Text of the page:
A recent report by the WSFF has found that thanks to London 2012, 41% of women have been inspired to become more active. Seeing the escapades of Jessica Ennis, Lizzie Armistead and Nicola Adams over the last few weeks has encouraged women to follow in the superstars’s footsteps and get down to their local sports centre. This is of course great, with stats to show that 80% of women are not being active enough to remain healthy any influx of enthusiasm is amazing, however the big question now is how do you encourage these 41% to follow through on their statements? When the Olympic banners come down, the gold medallist who stole the headlines for two weeks disappear back into obscurity and the winter sets in, how can you make sure that women don’t disappear off the fields again?
Firstly, not letting the Olympic athletes vanish back into obscurity would definitely be a great way to start and keep up the levels of enthusiasm. I’m not suggesting having their images splashed across every weekly magazine and turning them into part of the freak show that is our tabloid press, (I can see the headlines now – ‘RING OF SHAME Look at Jess Ennis/Nicola Adams/Laura Trott’s sweat stains (whilst she trains for her chosen sport)’), but instead having magazines feature regular fitness and health columns and articles written/ghost written by the athletes.
We have a very strange attitude to sport and exercise in this country. Any magazine you pick up will tell you the best way to get a bum like J-Lo’s, legs like Blake Lively and arms like some starlet that has nice arms. Recently, in light of the Olympics, I even saw a magazine promising that you too could get a stomach like Ennis in only six weeks. I’m pretty sure Jess didn’t get her stomach in six weeks and instead developed it after months of intense training, but there you go. So we have every guide under the sun to honing and toning every area of the female anatomy, but never once do the magazines then encourage the reader to put their toned legs, bum, arms and abs into practice in any other way than donning a fab new dress and heels to get ALL THE BOYS when they head out. We are obsessed with looking good, but although this can boost your confidence, what other benefits really come out of looking pretty apart from the superficial? The WSFF has found that women who participate in regular exercise not only look good in the fab new dress and feel more confident, have more energy and feel better prepared to face challenges in life, to say nothing of the fact that they are physically healthier, but never does a fitness article end with –‘now why don’t you go outside and join your local netball club?’ Now, maybe it’s just me, but I’d say these were all good things and that by having positive sporting role models in the media to promote such benefits would probably keep up the interest for sport that the Olympics has left Great Britain’s women with. Or, we could just ignore the physical and psychological benefits and continue to listen to a Kardashian (don’t ask me which one, they’re interchangeable) rave on about her intense new work out to fit into new jeans….*yawn*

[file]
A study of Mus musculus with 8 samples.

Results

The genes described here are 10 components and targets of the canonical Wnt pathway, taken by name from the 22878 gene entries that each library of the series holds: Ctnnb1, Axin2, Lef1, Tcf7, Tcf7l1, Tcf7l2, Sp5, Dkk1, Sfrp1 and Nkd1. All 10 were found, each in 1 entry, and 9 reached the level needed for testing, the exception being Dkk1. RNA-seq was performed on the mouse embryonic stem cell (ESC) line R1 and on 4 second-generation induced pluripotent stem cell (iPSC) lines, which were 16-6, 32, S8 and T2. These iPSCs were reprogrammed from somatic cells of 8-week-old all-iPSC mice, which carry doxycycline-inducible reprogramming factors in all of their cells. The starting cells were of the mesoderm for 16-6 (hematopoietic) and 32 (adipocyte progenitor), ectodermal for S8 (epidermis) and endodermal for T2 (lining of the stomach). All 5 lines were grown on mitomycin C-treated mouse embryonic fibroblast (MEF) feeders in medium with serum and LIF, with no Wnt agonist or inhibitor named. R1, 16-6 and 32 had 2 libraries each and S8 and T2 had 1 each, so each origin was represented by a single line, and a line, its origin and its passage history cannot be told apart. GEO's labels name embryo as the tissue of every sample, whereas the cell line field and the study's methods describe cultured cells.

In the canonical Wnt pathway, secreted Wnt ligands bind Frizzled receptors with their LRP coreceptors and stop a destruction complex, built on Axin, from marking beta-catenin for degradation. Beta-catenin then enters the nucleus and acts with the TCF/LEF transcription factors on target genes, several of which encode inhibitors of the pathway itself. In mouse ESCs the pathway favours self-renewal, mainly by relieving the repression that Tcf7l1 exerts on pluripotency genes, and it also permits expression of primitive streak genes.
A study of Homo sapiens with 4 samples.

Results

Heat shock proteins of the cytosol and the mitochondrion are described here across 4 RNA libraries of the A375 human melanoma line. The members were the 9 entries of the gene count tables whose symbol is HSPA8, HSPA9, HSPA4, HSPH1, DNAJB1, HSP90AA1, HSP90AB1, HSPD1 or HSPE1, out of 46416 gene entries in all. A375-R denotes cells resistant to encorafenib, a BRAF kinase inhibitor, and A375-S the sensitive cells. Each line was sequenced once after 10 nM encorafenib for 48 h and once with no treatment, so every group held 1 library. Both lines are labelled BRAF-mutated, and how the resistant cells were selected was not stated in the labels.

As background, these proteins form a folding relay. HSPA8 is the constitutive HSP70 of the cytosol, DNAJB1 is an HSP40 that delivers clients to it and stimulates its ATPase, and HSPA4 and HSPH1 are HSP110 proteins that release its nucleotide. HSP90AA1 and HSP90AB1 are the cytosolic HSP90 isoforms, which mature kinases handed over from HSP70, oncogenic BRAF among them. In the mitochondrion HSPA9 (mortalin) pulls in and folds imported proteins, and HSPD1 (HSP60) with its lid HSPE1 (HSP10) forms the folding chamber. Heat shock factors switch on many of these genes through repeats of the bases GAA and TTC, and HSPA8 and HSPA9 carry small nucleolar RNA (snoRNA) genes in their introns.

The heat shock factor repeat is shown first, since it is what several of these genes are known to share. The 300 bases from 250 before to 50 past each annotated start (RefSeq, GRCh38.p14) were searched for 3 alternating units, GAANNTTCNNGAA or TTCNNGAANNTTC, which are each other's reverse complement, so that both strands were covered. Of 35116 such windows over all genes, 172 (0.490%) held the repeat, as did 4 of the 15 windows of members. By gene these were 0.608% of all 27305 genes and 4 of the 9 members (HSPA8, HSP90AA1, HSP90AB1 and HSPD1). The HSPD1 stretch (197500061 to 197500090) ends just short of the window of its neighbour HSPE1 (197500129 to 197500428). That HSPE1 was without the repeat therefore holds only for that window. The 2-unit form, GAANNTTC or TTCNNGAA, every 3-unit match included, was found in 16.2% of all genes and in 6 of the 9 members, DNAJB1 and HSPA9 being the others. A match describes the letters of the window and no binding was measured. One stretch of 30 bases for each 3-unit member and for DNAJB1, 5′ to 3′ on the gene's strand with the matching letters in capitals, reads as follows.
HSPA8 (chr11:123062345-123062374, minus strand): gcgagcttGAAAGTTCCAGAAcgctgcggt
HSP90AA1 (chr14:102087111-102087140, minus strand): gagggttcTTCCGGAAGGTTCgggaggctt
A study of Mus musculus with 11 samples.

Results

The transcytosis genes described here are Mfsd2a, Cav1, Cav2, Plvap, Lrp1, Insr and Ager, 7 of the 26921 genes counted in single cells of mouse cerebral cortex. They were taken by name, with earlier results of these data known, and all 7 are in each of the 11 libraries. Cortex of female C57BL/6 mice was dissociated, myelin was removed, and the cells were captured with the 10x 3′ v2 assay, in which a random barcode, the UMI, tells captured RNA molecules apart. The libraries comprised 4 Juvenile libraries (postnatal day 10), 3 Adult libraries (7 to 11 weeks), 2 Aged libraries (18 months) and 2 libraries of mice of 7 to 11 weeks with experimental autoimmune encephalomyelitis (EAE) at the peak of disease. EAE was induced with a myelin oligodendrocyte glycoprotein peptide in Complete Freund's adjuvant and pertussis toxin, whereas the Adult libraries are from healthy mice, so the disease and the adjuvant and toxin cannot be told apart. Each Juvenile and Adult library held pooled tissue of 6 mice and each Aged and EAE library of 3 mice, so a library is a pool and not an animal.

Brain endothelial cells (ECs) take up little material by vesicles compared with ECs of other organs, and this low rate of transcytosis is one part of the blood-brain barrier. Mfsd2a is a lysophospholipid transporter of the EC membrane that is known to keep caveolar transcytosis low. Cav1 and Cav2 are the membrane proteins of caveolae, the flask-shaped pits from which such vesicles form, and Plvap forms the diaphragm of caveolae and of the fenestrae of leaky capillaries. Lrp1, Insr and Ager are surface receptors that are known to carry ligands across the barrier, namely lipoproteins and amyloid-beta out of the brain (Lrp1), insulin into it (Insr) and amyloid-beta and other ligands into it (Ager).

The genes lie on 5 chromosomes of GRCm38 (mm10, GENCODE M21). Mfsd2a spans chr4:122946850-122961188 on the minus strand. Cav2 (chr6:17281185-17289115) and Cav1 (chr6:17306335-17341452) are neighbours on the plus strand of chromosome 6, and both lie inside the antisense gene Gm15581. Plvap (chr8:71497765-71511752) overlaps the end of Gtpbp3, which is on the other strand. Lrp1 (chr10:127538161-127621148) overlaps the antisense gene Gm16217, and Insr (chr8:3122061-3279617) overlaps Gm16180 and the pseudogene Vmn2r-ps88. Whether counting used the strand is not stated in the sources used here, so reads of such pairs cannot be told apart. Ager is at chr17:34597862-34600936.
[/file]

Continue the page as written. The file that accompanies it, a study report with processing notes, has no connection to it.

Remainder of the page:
Secondly now would be the time for governments and area councils to sort out and promote the sporting facilities available to people in their areas. Events such as the ‘Join In UK’ weekend that ran on 18th/19th August were a huge success and encouraged people to get involved, so get on the band wagon my council/governmenty friends – the enthusiasm is there, it just needs direction. Having clearer pages on council websites to direct its citizens to sports clubs would be useful, as well as promotion work that the site offers this service which would be very good start. A slightly larger investment in publicising pages like this, as well as a clear layout of what the clubs are, their ability level and involvement would go a very long way.
Image from http://community.peace-sport.org/article/view/55/ (thanks!)